Fighting for the right to water

The UN General Assembly passed a resolution yesterday asserting the right to water and sanitation as a basic human right. For most of us, that seems to be common sense, something taken for granted.

So why is this UN resolution so important? The debate has been going for many years as in the original United Nations Universal Declaration of Human Rights (1948) there is no specific mention of water or sanitation. This is assumed to be because it was seen as a precondition for other human rights, and therefore did not need to be included.

However, it is evident that this is an issue that needs to be highlighted. With climate change, threats of wars over water and the fact that millions of people still lack access to clean water and sanitation, it is an issue that cannot be sidelined any longer.

The resolution passed yesterday was by no means unanimous. The abstention by some may seem unreasonable, but as a non-binding resolution it expressed the overwhelming support from countries across the world for water and sanitation to be seen as a basic human right. However, it is far from being set in stone as a formal human right, awaiting an independent report on the issue due to be presented to the  UN Human Rights Council next year.

I often take for granted the gift of clean running water, and forget how landmark resolutions like this symbolize a change in lifestyle and health for millions of people worldwide. I leave you with some thought-provoking statistics.

  • In 1998 the equivalent of $11 billion was spent on ice-cream in Europe. To provide universal access to clean water and sanitation would have cost $9 billion.
  • Some 1.1 billion people in developing countries have inadequate access to water, and 2.6 billion lack basic sanitation.
  • 1.8 billion people who have access to a water source within 1 kilometre (but not in their house or yard) consume around 20 litres a day. In the UK, the average person uses more than 50 litres of water a day flushing toilets (where average daily water usage is about 150 litres a day).

Statistics taken from here.


Five years ago today I had just returned from an amazing weekend up in Edinburgh. I joined hundreds of thousands of others for the Make Poverty History rally, campaigning for a radical change in global politics to highlight key issues such as trade, aid, debt and HIV/AIDS affecting developing countries.

 Five years later, the white wristband I wore is gathering dust at the back of my cupboard, but the issues remain as pertinent as ever.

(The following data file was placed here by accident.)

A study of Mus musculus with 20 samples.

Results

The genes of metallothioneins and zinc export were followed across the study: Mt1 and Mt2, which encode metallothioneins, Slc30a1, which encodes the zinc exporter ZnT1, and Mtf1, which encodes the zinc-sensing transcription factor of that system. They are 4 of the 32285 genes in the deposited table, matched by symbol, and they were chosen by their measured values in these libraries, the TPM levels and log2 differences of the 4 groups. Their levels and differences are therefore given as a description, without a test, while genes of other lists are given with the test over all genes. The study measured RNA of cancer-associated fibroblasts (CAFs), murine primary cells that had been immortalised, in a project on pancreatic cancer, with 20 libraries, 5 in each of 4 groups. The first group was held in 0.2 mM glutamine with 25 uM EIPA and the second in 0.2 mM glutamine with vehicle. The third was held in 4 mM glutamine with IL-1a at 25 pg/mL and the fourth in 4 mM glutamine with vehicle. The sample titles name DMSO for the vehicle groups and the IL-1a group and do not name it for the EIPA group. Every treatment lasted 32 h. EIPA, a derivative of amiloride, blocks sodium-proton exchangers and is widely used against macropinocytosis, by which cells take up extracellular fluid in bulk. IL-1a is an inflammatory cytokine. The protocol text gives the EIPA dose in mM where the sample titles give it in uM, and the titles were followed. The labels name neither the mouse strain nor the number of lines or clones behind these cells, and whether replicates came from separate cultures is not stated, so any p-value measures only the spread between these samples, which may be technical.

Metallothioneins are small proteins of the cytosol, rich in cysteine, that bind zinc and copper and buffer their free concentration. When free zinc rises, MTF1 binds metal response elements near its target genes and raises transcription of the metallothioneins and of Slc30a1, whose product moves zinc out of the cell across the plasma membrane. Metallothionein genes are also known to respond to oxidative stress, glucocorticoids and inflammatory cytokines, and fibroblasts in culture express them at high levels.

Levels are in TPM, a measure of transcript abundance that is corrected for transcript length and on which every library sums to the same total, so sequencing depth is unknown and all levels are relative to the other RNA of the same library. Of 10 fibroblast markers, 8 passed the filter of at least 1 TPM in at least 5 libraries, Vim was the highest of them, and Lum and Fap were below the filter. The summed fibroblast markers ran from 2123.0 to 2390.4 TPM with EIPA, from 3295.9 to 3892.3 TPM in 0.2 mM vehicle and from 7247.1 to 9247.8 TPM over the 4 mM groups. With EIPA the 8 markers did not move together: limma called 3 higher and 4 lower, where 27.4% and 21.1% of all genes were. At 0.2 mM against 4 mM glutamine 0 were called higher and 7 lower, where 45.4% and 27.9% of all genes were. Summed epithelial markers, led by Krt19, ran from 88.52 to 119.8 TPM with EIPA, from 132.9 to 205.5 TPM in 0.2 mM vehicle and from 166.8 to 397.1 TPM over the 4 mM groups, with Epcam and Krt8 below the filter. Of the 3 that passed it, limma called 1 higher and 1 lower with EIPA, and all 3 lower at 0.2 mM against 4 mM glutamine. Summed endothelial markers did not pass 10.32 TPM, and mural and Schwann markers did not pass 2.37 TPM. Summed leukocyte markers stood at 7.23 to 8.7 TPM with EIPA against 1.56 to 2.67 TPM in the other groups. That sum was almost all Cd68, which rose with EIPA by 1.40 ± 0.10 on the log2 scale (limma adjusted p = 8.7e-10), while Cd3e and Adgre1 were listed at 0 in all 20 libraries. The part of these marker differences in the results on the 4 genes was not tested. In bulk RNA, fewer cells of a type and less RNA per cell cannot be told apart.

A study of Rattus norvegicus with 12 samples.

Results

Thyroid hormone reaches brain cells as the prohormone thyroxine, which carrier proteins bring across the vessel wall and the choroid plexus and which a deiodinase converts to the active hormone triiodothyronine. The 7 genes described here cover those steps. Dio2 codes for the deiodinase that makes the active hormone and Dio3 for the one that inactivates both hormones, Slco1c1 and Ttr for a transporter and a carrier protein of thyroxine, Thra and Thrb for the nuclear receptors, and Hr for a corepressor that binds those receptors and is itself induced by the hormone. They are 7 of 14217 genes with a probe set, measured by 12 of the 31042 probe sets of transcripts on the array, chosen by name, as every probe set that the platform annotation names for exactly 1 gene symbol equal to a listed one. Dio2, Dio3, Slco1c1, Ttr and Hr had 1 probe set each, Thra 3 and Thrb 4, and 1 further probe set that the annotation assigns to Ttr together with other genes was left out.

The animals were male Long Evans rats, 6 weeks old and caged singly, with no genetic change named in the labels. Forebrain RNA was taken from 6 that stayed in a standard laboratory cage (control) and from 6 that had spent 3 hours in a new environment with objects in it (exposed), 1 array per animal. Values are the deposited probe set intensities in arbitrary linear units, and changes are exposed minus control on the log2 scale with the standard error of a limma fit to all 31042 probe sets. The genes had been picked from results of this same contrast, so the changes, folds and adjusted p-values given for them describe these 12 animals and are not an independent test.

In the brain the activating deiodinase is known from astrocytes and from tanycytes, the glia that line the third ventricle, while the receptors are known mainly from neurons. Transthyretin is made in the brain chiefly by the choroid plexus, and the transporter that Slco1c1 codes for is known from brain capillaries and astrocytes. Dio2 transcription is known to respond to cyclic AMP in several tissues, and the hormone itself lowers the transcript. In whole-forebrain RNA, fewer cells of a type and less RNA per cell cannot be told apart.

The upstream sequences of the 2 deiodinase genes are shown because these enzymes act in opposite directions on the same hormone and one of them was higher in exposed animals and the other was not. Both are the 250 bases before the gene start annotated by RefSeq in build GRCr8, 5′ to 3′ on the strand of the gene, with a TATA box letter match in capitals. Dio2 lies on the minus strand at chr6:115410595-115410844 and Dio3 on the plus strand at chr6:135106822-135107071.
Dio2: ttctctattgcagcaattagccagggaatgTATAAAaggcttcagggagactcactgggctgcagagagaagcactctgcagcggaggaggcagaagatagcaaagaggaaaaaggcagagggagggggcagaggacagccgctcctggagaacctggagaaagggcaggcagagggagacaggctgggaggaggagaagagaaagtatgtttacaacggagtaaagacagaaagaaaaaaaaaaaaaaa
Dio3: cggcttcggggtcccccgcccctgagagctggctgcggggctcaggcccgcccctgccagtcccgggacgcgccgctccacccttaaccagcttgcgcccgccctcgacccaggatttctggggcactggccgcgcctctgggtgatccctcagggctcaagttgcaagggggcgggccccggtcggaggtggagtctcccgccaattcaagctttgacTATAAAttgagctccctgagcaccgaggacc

Whilst the Make Poverty History Campaign disbanded in 2006, the coalition of organisations involved still remains committed to fighting global poverty.

 There have been many successes from the campaign; more and better quality aid has been given to developing countries allowing governments to tackle poverty more effectively. Education has been prioritised with 33 million more children worldwide now able to attend school, and antiretroviral drugs are more widely available, tackling the HIV/AIDS epidemic. Confronting the underlying injustices in trade and debt systems has seen debt burdens cancelled for 20 countries and the campaign for fair-trade has become more than just a fad.

 Yet challenges remain, targets are missed, and new crises arise. The financial downturn has impacted heavily upon developing countries, and climate change affects the poorest and most vulnerable.

 Make Poverty History inspired many and created a momentum for demanding radical change. The problems may seem insurmountable but change is possible. Poverty is not, and should not be seen as inevitable.

 “Above all, making poverty history is about supporting developing countries to make their own choices in the best interests of their people. It is about helping, not hindering.”

Jenny Ricks: ActionAid

Published in: on July 6, 2010 at 3:52 pm  Leave a Comment  

The DRC celebrated 50 years of independence this week, with foreign dignitaries and the UN Secretary General Ban-Ki Moon gracing the shores of the Congo River with their presence.

Yet despite all these celebrations, the country is still torn apart by violence, and insecurity has forced many to flee from their homes. International peacekeeping forces MONUC struggle to maintain control, lacking essential resources.

It is not just rebel groups that are feared, but the government forces are regarded with apprehension, with soldiers accused of perpetrating crimes against civilians; violent attack, looting and rape.

For those who have fled, there is little hope of returning home to their villages, now associated with violent attack and terrifying memories.

President Kabila is determined to oust the international peacekeeping forces, but this threatens to exacerbate the insecurity in the already unstable country. Promises of peace seem to be merely daydreams.

Few Congolese will be celebrating independence in lavish security as the president has this week. There will be no cake for the displaced and poverty-stricken. Their celebrations may not be of winning independence from their colonial oppressors, but instead a thankfulness that they have survived (unlike millions of others – 5.4m have died in the violence since 1998).

The Congolese have demonstrated an admirable resilience over the years, clinging to each other in times of desperate need. This is what should be celebrated, their perseverance and endurance despite brutal challenges. This vision of the remarkable strength and courage of humanity is displayed beautifully in a set of photographs ‘From Congo with Love’ by Rankin.